Wednesday, June 4, 2008

Ode to an Ad: "The Silence of the Lambs" Poster

After looking at this poster, you're probably confused and disturbed. That's the effect it goes for, and it achieves it with flying colors. It might not tell you anything about the movie, but it does leave you feeling as if you just got some horrible news about a loved one.

This poster asks a lot of questions: Who is this woman? Why is she so pale? What is she staring at? And most importantly, why is there a freaking moth where her mouth should be?

The image has little to do with the film. The movie DOES feature moths. And the mouthless image conjures the idea of "silence." But that's it. It's all conceptual, based on making you feel a certain way instead of telling you anything about the movie.

What you might not have noticed (and probably can't see in this particular picture) is that the "skull" image on the moth is actually made up of a bundle of naked women. Perhaps one of the only instances in history where a group of naked women have made something creepier instead of sexier.


While you may not have known it, it should still come as no surprise that the inspiration for the poster was Salvador Dali. After all, he's basically the king of images that are breathtaking, confusing, and unnerving all at the same time.

The "skull" image on the moth is actually a minaturized version of the above Dali portrait, In Voluptas Mors. Somehow it gets even creepier once it's shrunk down.

Though moths are featured in the film, its use on the poster is most likely a reference to images in Luis Bunuel's and Salvador Dali's surrealist film Un chien andalou, which is most famous (or infamous, really) for the scene where a razorblade cuts open a woman's eyeball. (Second would be the scene where ants come out of a man's hand.)

It was a totally natural fit for the creepy, disturbing content of The Silence of the Lambs to be advertised in the vein of Dali and his love of bizarre creations that make you feel weird inside.


I wasn't a fan of The Descent as a film, but I have to admit that this poster is extremely intriguing. To be fair, it's a straight-up reproduction of the Dali portrait with no real ties to The Silence of the Lambs, but I think we all know that they would have never thought to do this without that poster's existence.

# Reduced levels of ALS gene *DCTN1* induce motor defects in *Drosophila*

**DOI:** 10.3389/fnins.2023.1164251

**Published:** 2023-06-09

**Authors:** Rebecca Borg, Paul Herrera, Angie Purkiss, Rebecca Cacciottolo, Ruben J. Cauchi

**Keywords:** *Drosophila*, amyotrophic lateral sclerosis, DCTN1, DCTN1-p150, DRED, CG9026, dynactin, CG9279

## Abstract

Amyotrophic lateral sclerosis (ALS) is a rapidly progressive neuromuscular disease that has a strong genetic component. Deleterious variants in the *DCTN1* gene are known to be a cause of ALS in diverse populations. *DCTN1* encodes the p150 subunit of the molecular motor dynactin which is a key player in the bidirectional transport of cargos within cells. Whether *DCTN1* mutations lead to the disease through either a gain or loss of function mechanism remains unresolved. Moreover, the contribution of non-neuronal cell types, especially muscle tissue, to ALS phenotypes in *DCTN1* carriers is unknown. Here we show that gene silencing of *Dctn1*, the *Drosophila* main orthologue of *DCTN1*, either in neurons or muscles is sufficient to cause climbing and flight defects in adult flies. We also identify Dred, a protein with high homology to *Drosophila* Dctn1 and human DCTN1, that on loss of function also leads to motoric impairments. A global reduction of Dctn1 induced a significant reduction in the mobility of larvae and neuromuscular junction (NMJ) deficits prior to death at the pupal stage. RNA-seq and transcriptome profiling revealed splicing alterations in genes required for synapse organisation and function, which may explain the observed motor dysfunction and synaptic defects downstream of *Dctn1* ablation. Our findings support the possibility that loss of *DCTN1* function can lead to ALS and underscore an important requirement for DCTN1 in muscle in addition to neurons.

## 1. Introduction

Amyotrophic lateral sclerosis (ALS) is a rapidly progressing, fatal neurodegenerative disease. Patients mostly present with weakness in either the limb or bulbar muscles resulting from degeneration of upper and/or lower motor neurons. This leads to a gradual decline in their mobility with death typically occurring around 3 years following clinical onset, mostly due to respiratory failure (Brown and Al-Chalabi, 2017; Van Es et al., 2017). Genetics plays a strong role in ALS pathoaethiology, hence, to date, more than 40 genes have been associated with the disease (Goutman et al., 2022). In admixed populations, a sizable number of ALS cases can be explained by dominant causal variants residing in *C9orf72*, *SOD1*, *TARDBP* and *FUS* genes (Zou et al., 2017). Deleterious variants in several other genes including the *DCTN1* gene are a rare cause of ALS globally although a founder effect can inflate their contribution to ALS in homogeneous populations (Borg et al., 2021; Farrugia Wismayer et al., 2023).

In particular, I like what they did with the face of the one woman that we can see. In the Dali portrait, her mouth and eyes are closed in a feeling of contentment. In the above poster, it's a scream of pure terror.

There's also the idea that something is lurking just out of view, in the shadows on the corners of the poster. But you'll have to see the movie to find out what.


When I first saw this poster I laughed to myself, but that laughter immediately became uncomfortable laughter because there's something profoundly disturbing about this image. I've since decided that it's somehow simultaneously completely idiotic and chilling to the bone.

Clearly this was borrowing heavily from The Silence of the Lambs poster. At first glance it seems normal enough, but after a moment you realize that what you're seeing isn't actually what you're seeing.

I haven't seen this film, but I still feel confident enough to say that I'd rather stare at The Silence of the Lambs poster for an hour and a half than watch One Missed Call.


David said...

More of these please!!!! I could suggest some great posters over the years. Some of the best posters are for awful or at least mediocre movies (Spider-man 2 comes to mind). Also would be interesting to see your thoughts on trailers. For instance, the trailer for "Rent" gave Rentheads everything they wanted, was beautifully edited, and almost better than the film. In another life I want to cut trailers.

Jonathan K said...

Yeah, I definitely plan to continue this series as there are a lot of posters/trailers that I really love.

Feel free to share some of your favorites with me.